Intrapersonal Students will use Internet and other sources to research airplane design strategies.
From their research, students will make and fly paper airplanes. They will then evaluate and adjust their designs according to their results.
Flight whether it involves an actual airplane or a paper one includes the same forces of gravity,
lift, drag, and thrust. These forces act in pairs. When the downward force of gravity is less than the upward force of lift, the plane rises in the air. When thrust, pushing the plane
forward, is greater than the drag holding the plane back, the plane moves forward.
Internet Students will evaluate paper airplane designs obtained from Internet sites that can be
accessed through the Web links page or by other similar Internet sites.
Non-Internet Sources If you do not have Internet access, use books on paper airplanes, such as those
listed as references on page 373.
One class period is required to research various designs and choose which to use. Two days should be allowed
for experimenting with the designs and various materials. One-half class period is needed to decide on contest rules, and one class period should be used for the actual contest.
In addition to what the students bring to class, have supplies on hand. Different types of paper might be especially useful.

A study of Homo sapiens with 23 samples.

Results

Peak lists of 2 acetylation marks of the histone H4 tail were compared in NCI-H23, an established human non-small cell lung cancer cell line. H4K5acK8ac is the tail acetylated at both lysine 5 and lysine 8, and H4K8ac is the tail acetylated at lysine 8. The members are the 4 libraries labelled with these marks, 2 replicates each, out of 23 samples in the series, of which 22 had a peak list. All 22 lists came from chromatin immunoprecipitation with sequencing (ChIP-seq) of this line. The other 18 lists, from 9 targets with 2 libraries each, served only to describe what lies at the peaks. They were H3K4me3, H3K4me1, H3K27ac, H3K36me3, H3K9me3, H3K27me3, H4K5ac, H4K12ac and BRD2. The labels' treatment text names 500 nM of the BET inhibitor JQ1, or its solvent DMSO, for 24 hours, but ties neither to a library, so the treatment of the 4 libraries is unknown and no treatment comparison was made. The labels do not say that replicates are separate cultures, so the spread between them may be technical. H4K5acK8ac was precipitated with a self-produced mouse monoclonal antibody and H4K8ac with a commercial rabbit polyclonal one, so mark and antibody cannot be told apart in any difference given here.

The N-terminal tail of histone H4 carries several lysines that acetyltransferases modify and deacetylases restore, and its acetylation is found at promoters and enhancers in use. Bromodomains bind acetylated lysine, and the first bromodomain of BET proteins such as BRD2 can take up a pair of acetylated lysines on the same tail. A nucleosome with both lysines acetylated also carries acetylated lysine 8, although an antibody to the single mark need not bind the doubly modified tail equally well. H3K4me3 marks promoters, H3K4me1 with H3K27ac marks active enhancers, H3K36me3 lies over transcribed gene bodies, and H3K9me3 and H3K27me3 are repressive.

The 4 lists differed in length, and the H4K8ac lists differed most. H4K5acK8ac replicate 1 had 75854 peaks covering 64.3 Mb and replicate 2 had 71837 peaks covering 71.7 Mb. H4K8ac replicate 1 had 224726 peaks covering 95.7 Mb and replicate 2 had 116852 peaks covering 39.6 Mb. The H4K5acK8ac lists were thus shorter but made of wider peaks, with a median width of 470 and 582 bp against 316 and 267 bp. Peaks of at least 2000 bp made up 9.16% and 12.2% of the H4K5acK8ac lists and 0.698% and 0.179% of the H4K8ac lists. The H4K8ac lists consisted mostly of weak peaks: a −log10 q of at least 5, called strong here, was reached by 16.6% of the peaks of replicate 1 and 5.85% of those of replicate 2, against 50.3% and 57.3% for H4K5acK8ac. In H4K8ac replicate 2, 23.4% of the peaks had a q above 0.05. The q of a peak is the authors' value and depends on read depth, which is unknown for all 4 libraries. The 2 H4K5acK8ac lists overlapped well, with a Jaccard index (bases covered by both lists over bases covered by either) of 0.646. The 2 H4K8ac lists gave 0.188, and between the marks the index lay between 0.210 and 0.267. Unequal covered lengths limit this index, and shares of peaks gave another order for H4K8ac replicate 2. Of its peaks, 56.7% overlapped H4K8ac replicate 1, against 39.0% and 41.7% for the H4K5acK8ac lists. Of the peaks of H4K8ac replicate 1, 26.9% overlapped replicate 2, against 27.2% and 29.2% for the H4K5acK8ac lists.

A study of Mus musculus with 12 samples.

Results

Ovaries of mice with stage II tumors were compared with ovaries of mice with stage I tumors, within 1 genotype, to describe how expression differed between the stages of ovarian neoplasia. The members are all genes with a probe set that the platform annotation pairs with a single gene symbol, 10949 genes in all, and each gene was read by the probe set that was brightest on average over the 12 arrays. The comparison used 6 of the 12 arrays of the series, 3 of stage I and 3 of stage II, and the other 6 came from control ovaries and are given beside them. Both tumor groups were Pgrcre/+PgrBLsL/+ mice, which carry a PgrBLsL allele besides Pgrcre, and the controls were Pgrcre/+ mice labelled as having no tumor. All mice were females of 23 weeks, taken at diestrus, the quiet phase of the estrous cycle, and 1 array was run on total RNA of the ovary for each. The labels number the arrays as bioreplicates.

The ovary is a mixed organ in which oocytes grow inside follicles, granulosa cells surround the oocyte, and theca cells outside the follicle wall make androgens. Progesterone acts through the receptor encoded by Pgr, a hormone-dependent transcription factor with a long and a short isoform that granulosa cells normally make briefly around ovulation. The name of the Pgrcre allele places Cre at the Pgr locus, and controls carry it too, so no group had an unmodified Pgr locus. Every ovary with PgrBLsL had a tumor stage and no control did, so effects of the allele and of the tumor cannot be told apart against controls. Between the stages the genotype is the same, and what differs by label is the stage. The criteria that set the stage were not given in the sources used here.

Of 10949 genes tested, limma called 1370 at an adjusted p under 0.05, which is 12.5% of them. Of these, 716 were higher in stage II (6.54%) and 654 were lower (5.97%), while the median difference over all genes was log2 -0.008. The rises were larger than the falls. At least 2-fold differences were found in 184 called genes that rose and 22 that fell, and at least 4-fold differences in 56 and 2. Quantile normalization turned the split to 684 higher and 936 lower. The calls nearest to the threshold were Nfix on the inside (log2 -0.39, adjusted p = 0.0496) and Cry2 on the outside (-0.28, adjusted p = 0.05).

Internet If students will be using computers that might be shared with other classes, arrange access
with the person in charge. Check out and become familiar with the links for paper airplane design on the Web links page.
Non-Internet Sources Obtain reference books containing paper airplane designs for students to use.
- Encourage students who have Internet experience to help those students who do not.
- Encourage students to use paper clips as weights to adjust the flight of their airplanes. For example, a paper
clip fastened on the nose of an airplane that loops up instead of flying straight will make the plane fly straighter.
- Remind students that only one variable should be changed at a time.
- Be sure students have proportions as well as general shape indicated in the sketches of their designs.
Answers to Conclude and Apply
- Answers will vary, but the winning planes probably had narrow wings and were made of slick paper.
- Planes that flew for a longer period of time but a shorter distance probably had wider wings that increased
Have students use the Internet to find out what airplane manufacturers do to reduce drag and increase
To assess the results of the project, use the Performance Task Assessment List for Model in PASC, p. 51.
Baker, Arthur. Cut & Assemble Paper Airplanes That Fly. Mineola, NY: Dover, 1982.
Mander, Jerry, George Dippel, and Howard Gossage. The Great International Paper Airplane Book. New York:
Simon & Shuster, 1975.
Simon, Seymour. The Paper Airplane Book. New York: Viking Press, 1976.